Since stores reopened in the summer, the furniture business has been booming. So much so that it’s strained supply lines close to the breaking point and created backlogs that will likely stretch into the second quarter of 2021. At last week’s Furniture Today Leadership Conference, that theme emerged again and again as speakers addressed the changes wrought by the pandemic and the reinventions companies are undertaking to deal with them.

While most manufacturers now have a sense of when the backlogs will begin to clear and when supply lines will begin to flow more smoothly, albeit at higher costs, the one question that appears to remain is how long consumers’ new-found infatuation with their homes will last. It is perhaps one of the most important questions facing the industry in the coming year.

The answer could have a significant impact on manufacturers’ future production plans. At some point, many if not all will need to decide whether new capacity will be brought online with all the attendant investment that entails or whether existing capacity can be stretched until demand returns to pre-pandemic levels or even slightly above.

The answer to this question will dictate retail order placements, particularly in the near term when backlogs make it necessary to forecast inventory needs six to eight months out. That answer could play a pivotal role in retail expansion plans, encouraging some to invest in additional locations, more warehouse space and additional manpower, while encouraging others to hold the course in anticipation demand finding its level.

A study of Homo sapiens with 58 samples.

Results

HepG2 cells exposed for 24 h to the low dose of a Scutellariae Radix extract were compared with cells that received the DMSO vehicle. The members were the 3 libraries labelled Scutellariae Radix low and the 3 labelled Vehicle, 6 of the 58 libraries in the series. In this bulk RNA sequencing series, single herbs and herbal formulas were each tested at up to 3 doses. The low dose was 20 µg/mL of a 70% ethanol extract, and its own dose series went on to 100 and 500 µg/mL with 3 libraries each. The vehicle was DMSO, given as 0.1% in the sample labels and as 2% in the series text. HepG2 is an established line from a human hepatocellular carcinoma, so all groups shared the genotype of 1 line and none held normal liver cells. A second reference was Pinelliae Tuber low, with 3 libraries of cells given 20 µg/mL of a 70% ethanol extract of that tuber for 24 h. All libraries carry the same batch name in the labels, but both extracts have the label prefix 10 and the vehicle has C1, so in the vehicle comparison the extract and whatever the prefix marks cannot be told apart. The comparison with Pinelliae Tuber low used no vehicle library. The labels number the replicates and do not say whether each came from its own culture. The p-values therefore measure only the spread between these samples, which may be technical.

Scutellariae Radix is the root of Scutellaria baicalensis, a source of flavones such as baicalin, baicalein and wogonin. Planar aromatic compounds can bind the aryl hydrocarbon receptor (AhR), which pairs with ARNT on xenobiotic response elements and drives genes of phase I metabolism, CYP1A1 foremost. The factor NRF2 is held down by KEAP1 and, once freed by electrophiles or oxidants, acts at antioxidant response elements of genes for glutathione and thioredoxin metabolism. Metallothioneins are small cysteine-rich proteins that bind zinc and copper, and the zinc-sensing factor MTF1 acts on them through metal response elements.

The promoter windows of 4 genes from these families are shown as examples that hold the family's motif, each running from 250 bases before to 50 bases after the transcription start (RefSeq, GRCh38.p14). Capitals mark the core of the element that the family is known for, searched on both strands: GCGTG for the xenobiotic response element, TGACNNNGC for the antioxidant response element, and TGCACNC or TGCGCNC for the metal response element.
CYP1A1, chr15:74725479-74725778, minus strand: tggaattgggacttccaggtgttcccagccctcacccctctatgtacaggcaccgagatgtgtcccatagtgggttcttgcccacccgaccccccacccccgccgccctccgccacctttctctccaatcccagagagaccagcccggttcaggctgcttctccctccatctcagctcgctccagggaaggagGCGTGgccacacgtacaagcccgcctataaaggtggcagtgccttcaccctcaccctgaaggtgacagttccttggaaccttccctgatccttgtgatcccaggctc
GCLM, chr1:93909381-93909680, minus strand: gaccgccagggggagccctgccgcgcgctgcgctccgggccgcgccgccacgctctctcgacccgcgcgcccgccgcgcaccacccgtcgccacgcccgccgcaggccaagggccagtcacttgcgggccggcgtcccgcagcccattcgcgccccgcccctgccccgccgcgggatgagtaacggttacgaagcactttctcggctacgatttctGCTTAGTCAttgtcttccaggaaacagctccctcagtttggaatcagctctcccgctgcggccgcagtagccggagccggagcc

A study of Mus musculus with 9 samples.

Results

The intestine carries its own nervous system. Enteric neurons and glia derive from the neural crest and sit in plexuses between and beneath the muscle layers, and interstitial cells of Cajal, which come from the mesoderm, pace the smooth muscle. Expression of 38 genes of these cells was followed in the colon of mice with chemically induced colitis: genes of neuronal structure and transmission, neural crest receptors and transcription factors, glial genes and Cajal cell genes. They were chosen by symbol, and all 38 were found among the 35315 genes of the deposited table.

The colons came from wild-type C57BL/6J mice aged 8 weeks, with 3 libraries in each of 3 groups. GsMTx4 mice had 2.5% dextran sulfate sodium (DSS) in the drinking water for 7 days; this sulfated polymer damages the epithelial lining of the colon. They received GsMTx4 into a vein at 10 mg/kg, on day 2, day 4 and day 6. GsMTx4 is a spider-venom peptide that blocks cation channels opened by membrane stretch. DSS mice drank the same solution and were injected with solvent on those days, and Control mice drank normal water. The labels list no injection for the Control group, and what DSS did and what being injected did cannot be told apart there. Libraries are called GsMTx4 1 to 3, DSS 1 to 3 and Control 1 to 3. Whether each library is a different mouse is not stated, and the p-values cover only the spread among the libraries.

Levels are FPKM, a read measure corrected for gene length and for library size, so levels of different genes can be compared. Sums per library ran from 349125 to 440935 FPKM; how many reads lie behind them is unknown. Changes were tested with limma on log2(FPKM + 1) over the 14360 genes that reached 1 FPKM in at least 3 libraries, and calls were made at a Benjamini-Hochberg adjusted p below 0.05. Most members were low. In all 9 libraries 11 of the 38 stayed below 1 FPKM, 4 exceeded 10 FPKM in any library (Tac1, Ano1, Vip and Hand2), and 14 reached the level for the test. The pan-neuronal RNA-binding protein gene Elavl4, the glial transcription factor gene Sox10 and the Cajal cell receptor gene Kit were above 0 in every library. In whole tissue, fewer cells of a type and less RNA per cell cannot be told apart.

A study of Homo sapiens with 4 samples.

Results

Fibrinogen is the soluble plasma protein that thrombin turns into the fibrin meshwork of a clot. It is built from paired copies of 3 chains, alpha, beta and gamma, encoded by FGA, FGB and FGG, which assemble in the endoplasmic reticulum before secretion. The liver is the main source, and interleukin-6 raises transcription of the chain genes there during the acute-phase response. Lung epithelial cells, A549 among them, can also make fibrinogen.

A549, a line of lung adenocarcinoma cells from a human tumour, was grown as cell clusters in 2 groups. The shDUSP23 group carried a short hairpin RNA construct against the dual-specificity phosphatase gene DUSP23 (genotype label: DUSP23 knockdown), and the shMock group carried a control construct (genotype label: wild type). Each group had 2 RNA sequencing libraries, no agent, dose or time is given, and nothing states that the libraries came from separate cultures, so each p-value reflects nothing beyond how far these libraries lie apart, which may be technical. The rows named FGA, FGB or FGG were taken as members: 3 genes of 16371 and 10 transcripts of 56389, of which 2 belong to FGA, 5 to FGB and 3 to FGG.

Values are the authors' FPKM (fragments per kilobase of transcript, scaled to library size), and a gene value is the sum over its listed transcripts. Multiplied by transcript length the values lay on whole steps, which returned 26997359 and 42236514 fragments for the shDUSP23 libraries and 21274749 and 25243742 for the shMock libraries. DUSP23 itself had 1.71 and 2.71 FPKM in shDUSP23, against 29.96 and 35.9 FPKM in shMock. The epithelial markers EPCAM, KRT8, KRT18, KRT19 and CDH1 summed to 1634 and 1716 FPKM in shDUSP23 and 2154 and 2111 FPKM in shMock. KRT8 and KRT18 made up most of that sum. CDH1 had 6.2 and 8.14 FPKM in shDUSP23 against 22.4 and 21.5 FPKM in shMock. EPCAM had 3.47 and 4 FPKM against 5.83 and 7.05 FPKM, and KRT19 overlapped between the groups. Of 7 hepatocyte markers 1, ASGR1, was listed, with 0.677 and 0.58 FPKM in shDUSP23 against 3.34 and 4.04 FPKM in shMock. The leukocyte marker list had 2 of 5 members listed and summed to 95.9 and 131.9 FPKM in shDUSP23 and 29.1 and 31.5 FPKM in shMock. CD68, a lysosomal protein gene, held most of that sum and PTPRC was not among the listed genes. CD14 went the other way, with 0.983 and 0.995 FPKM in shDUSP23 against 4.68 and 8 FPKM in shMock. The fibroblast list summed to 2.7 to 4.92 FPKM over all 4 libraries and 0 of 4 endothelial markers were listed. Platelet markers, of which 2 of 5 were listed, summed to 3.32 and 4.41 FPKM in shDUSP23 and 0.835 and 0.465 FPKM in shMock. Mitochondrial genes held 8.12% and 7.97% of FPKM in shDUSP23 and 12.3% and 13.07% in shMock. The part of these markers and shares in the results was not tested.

How long consumers’ insatiable demand will last is the furniture industry’s $64,000 question.

And while none can answer with certainty, there was a strong sense among those speaking at last week’s Leadership Conference that the time frames we’re dealing with will be measured in years, not months. Day three of the conference kicked off with a presentation entitled the Decade of Home, certainly an optimistic sentiment but hardly out of line with other presentations.

There is a strong sense that the furniture industry’s time has come again and that we may be primed for a new Golden Age of consumer focus on the home as a true focal point of everyday life and, in turn, of discretionary spending.

Heading into the conference, Furniture Today Strategic Insights group conducted a wide-ranging consumer study to look at the impact of the pandemic on their purchase plans. I would like to tell you that there was overwhelming evidence that consumers are planning to spend massively on furniture for years to come. Consumer research is rarely that definitive, particularly since consumers themselves face uncertainty about the future.

But it’s very clear that the home has become a far more central element of consumers’ everyday lifestyles than it has been in years. There is also strong evidence that suggests a level of underlying stability to furniture purchase intent, particularly when measured against other potential areas of discretionary spending.

It’s probably a little soon to pop the champagne in celebration of a new Golden Age of furniture sales. But it couldn’t hurt to have a corkscrew close at hand.